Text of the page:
MINRS (2016), by Kevin Sylvester

MINRS has just been short-listed for the Canadian Library Association’s Book of the Year for Children Award, so I thought I had better finish my review and post it post-haste. I read the novel in early February, and it took me this long to review it because 1) I didn’t think I could review it without spoilers (but I think I managed), and 2) I didn’t think I could really do it justice (and I’m not sure I have managed). Regardless, here is my review…

MINRS

Sylvester - MINRS

To begin, any of you who have read my reviews about novel series in which each book does not stand alone will know how much I hate cliffhangers. And MINRS definitely has a cliffhanger. The last three words. That is all it took. Up until that point, I thought I knew where it was going. Thank you, Mr. Sylvester. No, I take that back. Or maybe not, as up until those three words, MINRS is one of the most gripping YA space novels I have read in a long, long while.

When I first read the description, I thought “ Well, that concept seems a bit derivative…” but I was very wrong. The dust-jacket flap tells us that

Earth is running out of resources, so Melming Mining looks to space and launches the Great Mission to Perses, the newest planetoid in the solar system. It’s humanity’s only hope for survival. … Christopher and a small group of young survivors are forced into the maze of mining tunnels below the surface of Perses. The kids run. They hide. But can they survive?

Space exploration and settlement as “humanity’s only hope for survival,” of course, is not a new concept, nor is having a group of teenagers separated from their adults in order to save humanity; but in MINRS, interesting scientific concepts couple with strong, consistent characters to create an unpredictable plot that holds us in thrall.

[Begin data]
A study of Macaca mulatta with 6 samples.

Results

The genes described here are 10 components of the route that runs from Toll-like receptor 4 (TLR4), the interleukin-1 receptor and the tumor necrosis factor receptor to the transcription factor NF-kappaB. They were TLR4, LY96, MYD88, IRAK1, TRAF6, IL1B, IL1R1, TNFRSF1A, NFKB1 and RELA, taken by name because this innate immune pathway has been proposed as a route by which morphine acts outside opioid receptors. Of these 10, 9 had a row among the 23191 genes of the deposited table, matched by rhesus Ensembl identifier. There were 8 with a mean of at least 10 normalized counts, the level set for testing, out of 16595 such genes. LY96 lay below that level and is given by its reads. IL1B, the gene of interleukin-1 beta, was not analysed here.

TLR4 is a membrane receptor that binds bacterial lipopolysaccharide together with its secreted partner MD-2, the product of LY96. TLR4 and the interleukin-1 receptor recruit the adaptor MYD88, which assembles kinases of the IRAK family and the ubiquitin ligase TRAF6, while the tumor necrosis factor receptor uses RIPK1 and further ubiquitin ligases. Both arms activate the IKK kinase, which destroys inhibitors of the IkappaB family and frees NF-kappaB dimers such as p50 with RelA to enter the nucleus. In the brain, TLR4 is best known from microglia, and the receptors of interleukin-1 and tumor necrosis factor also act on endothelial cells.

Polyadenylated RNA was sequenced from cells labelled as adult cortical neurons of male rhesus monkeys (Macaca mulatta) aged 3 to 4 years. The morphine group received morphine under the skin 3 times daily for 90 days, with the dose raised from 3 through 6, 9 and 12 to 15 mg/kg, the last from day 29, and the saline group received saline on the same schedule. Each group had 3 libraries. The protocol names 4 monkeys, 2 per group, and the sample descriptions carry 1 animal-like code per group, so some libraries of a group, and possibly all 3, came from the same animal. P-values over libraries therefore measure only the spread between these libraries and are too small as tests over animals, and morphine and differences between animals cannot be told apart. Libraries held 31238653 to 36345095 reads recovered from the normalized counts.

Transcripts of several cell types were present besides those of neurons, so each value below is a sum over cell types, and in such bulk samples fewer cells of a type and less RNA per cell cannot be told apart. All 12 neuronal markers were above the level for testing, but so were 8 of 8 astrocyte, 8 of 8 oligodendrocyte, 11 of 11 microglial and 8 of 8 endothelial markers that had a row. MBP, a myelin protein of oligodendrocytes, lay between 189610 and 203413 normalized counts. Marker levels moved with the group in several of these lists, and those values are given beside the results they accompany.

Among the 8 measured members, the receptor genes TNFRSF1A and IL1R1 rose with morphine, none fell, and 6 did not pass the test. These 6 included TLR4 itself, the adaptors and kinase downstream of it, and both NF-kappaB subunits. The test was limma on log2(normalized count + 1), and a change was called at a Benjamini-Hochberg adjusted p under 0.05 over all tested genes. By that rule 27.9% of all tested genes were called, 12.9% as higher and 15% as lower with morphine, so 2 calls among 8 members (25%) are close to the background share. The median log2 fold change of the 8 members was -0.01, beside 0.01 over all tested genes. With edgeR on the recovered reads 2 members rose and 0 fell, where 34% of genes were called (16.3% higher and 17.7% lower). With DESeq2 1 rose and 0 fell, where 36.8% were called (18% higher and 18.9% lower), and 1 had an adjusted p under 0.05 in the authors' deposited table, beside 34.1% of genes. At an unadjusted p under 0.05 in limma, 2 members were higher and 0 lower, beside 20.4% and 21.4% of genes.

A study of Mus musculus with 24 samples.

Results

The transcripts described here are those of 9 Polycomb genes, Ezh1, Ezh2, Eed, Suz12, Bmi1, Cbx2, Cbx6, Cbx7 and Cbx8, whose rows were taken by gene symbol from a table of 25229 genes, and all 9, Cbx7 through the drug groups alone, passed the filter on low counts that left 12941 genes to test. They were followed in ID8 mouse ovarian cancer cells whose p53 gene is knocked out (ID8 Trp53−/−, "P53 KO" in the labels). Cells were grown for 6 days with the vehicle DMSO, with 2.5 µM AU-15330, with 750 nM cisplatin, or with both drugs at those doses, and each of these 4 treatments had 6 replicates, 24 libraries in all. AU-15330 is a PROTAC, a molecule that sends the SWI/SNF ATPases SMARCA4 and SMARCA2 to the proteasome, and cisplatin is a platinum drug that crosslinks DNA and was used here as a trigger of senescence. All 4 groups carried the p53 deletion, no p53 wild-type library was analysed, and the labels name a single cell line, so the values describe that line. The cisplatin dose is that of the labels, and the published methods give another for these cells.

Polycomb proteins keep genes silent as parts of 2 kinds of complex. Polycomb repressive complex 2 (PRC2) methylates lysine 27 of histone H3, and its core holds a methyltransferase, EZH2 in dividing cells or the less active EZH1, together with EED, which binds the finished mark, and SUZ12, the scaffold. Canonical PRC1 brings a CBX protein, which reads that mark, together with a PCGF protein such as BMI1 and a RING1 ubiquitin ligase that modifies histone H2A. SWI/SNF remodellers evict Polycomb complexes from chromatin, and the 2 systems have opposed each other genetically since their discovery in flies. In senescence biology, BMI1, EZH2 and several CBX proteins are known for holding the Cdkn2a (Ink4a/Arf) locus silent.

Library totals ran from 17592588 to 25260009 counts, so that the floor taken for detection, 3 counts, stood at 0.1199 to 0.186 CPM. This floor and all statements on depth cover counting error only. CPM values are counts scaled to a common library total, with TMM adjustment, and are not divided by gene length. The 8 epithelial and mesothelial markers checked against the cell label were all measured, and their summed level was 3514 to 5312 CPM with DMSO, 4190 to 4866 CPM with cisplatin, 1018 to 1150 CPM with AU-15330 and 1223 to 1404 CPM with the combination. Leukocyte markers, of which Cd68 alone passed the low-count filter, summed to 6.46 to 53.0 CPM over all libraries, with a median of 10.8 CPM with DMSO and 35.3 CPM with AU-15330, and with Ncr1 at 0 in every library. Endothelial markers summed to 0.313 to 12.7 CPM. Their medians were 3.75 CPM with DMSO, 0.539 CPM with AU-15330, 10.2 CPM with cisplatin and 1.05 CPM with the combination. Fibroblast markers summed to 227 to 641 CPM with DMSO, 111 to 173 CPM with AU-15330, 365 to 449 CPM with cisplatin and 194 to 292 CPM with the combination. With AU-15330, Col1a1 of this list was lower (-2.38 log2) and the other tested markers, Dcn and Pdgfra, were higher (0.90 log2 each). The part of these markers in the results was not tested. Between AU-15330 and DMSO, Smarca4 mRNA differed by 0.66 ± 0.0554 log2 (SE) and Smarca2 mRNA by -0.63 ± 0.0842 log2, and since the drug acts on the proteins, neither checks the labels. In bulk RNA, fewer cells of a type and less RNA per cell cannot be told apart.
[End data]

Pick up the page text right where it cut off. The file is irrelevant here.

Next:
The novel opens with a tension in the small community fuelled by the upcoming Blackout, a two-month period when the sun will lie between Perses and the Earth, causing not total darkness but a full communication blackout. To assuage anxieties, the adults are convinced to throw a “Blackout party,” which goes really well… until it doesn’t. Instead of fireworks to mark the moment blackout is complete, bombs are hurled down from the sky above them, decimating the terra-formed field. Then the more accurate energy-pulse bullets rain down, killing everyone they can reach. Christopher is one of the teenagers successfully pushed towards the mines, one of only a handful of survivors hidden from the mineral-ore raiders who believe they have annihilated the population. Christopher’s father makes him promise to keep the others safe, and tells him of a beacon placed deep inside the mines by a few of the more pragmatic adults. But the beacon will not work in the blackout; the teens must find a way to survive in the shell-damaged mines for the next two months.

That is the set-up for the action that follows: the running, hiding, and eventual pillaging of the “Landers” storeroom and sabotaging of their machinery. My description makes it sound way less innovative and impressive than it is. What really moves me is Sylvester’s insightful expression of the balances of power that develop amongst the teens, and the internal and external conflicts that inform that balance. Underlying more traditional explorations of the bildungsroman development of character is a sense of noblesse oblige: Chris and his best friend, Elena, discovering that their unique strengths create an obligation to use those strengths for the good of the group, regardless of individual desires. Again, my description makes it sound far more trite than the emotional depth Sylvester shows us. In the tunnels of Perses, Chris and his rag-tag fugitives (sorry, I had to) learn more than just how to survive: they learn some of the darker secrets of the company that created Perses and of what people—even those they admire—are capable of.